Ariel is a PhD student working on the topic of thought experiments. Of particular interest to her is a book by Thomas E. Lumas called The End of Mr. Y that has been pretty much lost and is supposedly cursed. So Ariel can’t believe her luck when she stumbles upon the book in a second-hand bookshop by accident. Central to the book is the troposphere – a dimension where all conciousness connects. But there is more to it than just an out-of-print 19th century book and soon Ariel finds herself in over her head and on the run.
This is one of the (many) books that I have actually had on my bookshelf for years and been meaning to read for ages. And I’m incredibly glad I finally got around to it. It is really good – smart, philosophical, intellectual and extremely gripping.
It’s not every day that you read a (fiction) book that quotes Heidegger and Samuel Butler, asks questions about the nature of conciousness, matter and thouhgt and manages on the one hand to not become entirely unreadable because the author actually just wants to show off how smart they are; and on the other hand to not drift of into spirituality too much, even though the entire thing certainly has its esoteric moments.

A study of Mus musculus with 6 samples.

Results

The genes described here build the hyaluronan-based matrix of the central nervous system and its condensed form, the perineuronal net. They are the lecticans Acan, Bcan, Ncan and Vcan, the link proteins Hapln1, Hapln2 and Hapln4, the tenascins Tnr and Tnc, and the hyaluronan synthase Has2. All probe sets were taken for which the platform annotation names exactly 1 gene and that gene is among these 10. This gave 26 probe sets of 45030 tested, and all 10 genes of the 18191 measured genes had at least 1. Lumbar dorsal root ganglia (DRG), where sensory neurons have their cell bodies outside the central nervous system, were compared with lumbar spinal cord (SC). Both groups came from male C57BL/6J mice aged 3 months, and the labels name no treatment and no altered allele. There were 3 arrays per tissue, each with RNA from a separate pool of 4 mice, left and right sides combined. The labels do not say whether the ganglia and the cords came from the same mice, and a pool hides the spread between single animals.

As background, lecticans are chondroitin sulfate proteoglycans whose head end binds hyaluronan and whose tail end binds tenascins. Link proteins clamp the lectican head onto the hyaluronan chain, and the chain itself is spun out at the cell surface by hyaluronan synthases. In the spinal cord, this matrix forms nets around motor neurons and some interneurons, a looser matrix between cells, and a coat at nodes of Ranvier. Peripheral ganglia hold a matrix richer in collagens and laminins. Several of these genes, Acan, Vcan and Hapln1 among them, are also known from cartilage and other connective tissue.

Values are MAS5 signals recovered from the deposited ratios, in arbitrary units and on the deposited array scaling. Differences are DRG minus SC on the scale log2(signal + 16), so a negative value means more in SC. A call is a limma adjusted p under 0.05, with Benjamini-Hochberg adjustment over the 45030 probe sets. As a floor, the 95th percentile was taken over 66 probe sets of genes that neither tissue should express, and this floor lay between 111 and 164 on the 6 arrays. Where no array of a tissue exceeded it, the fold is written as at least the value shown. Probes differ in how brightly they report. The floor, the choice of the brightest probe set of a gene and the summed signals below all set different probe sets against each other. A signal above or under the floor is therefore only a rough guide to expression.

So that is already quite a feat. But Scarlett Thomas doesn’t leave it at that. This is not only a smart, intellectual book, it’s also engaging and tense.
Ariel is a fascinating character and one that we don’t get very often: she’s smart and strong, but also incredibly insecure and a little bit broken. Which she knows, so that self-awareness again feeds into her strength.
But the book isn’t perfect. There are a couple of plot holes and, as incredibly creepy as the KIDS were, I could have done without the whole Rainman thing (a trope we really need to get over). Especially since it doesn’t go anywhere anyway.
The ending was a little unsatisfying. I wanted to know [SPOILER] how Ariel’s actions in the troposphere and her changing the past actually affected our world. That we don’t get another look at it was really disappointing to me. Also, the garden Eden thing was a little too much (though Thomas explains that she didn’t mean for it to be religious insight, rather them remaining caught up in metaphors). Still. [/SPOILER]
But other than that, I really enjoyed the book. I was completely caught up in it, I was fascinated and very intrigued. I didn’t want it to end.
Summarising: if you want to read something smart and slightly mind-fucking, this one’s for you.